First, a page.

Author: Savory Institute
Regenerating the health and productivity of our soils is critical for ensuring the Earth’s climate remains conducive to not only human life but other species as well. Moreover, we need to take direct action so that we have enough water and food to sustain a growing population of people. Livestock, properly managed, have a critical role to play in achieving these goals.
Reducing fossil fuel emissions is essential for curtailing the acidification of our oceans and for reversing the rapidly increasing concentrations of carbon dioxide (CO2) and other greenhouse gases in the atmosphere. But it is just as critical that we greatly reduce the CO2 emissions tied to modern agricultural practices. In addition, there are still many billions of tons of CO2 in the atmosphere that need to be drawn down to Earth and safely stored if we are to maintain a livable climate for life on Earth.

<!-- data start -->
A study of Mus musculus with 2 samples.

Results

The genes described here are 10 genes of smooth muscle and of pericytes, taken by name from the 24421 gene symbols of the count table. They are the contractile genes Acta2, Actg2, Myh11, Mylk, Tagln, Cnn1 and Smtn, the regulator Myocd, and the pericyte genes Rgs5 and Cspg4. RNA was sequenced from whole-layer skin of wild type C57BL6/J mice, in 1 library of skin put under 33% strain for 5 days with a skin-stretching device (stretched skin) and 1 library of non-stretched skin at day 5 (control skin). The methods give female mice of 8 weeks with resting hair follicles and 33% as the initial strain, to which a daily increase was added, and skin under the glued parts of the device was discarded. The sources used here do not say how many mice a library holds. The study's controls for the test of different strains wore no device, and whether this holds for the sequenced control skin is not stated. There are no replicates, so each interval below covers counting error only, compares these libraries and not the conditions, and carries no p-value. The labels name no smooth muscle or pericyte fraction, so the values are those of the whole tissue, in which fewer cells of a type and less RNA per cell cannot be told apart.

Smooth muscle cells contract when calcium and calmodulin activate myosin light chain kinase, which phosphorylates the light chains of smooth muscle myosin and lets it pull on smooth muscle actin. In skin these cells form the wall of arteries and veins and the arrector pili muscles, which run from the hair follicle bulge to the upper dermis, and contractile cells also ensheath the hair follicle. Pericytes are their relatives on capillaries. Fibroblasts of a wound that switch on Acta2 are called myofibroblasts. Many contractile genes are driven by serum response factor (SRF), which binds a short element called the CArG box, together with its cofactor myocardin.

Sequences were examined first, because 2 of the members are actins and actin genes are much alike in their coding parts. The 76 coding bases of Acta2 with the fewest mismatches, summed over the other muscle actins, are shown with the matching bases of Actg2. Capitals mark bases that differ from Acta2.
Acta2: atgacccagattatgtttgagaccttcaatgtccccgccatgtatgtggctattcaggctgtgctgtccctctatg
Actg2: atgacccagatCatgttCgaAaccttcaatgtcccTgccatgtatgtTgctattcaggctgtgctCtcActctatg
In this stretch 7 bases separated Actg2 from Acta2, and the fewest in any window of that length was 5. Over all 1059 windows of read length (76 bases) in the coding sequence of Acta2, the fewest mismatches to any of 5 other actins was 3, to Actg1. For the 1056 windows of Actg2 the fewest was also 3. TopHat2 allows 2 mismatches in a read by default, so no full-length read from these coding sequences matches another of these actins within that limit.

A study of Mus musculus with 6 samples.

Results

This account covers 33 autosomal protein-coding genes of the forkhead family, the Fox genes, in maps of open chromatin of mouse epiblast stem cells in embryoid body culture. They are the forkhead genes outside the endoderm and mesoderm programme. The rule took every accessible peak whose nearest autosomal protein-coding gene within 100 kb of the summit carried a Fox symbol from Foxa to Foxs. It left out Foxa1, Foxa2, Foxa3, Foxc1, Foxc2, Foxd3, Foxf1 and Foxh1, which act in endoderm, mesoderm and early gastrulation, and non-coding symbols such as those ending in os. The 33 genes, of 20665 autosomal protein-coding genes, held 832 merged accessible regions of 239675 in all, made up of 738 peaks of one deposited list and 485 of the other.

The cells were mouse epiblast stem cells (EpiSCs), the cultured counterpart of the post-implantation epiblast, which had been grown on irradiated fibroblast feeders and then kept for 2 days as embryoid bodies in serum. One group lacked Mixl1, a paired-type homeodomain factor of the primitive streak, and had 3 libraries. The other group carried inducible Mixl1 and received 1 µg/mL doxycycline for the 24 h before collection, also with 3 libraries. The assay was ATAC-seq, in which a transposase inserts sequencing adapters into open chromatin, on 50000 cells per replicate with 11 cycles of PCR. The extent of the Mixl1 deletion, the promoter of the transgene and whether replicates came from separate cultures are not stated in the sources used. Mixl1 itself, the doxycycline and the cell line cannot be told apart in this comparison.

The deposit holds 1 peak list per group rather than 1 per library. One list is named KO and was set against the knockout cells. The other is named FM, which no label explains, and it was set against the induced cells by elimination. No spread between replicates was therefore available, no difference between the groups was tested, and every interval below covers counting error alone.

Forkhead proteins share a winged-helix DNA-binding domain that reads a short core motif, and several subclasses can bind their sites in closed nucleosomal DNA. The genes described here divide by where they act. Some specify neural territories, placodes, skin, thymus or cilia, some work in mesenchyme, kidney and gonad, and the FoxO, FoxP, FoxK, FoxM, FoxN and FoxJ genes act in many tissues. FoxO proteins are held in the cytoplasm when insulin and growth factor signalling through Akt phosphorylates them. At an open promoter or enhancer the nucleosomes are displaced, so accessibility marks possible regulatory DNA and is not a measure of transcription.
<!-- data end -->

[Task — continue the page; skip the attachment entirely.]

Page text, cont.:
The most obvious place to store this “legacy load” of CO2 is in our soils, where soil organisms convert it into organic matter, or soil organic carbon. The world’s soils, however, are unable to store the vast amounts of carbon they once did; scientists estimate our soils have lost up to 80 to 537 billion tons of carbon and that land misuse accounts for 30% of the carbon emissions entering the atmosphere.
Efforts to limit emissions from fossil fuel Combustion alone are incapable of stabilizing levels of carbon dioxide in the atmosphere.
Here we will shed light on the process of atmospheric carbon capture and storage that has developed in the natural world over millions of years, has minimal possibility for unintended consequences, and has myriad benefits for the health of lands worldwide as well as all dependent on them.
The quantity of carbon stored in soils is directly related to the diversity and health of soil life. Bacteria, fungi and other soil life convert carbon that plants have extracted from the atmosphere through photosynthesis into organic matter. When soils are healthy, soil life is healthy and more carbon is converted and stored.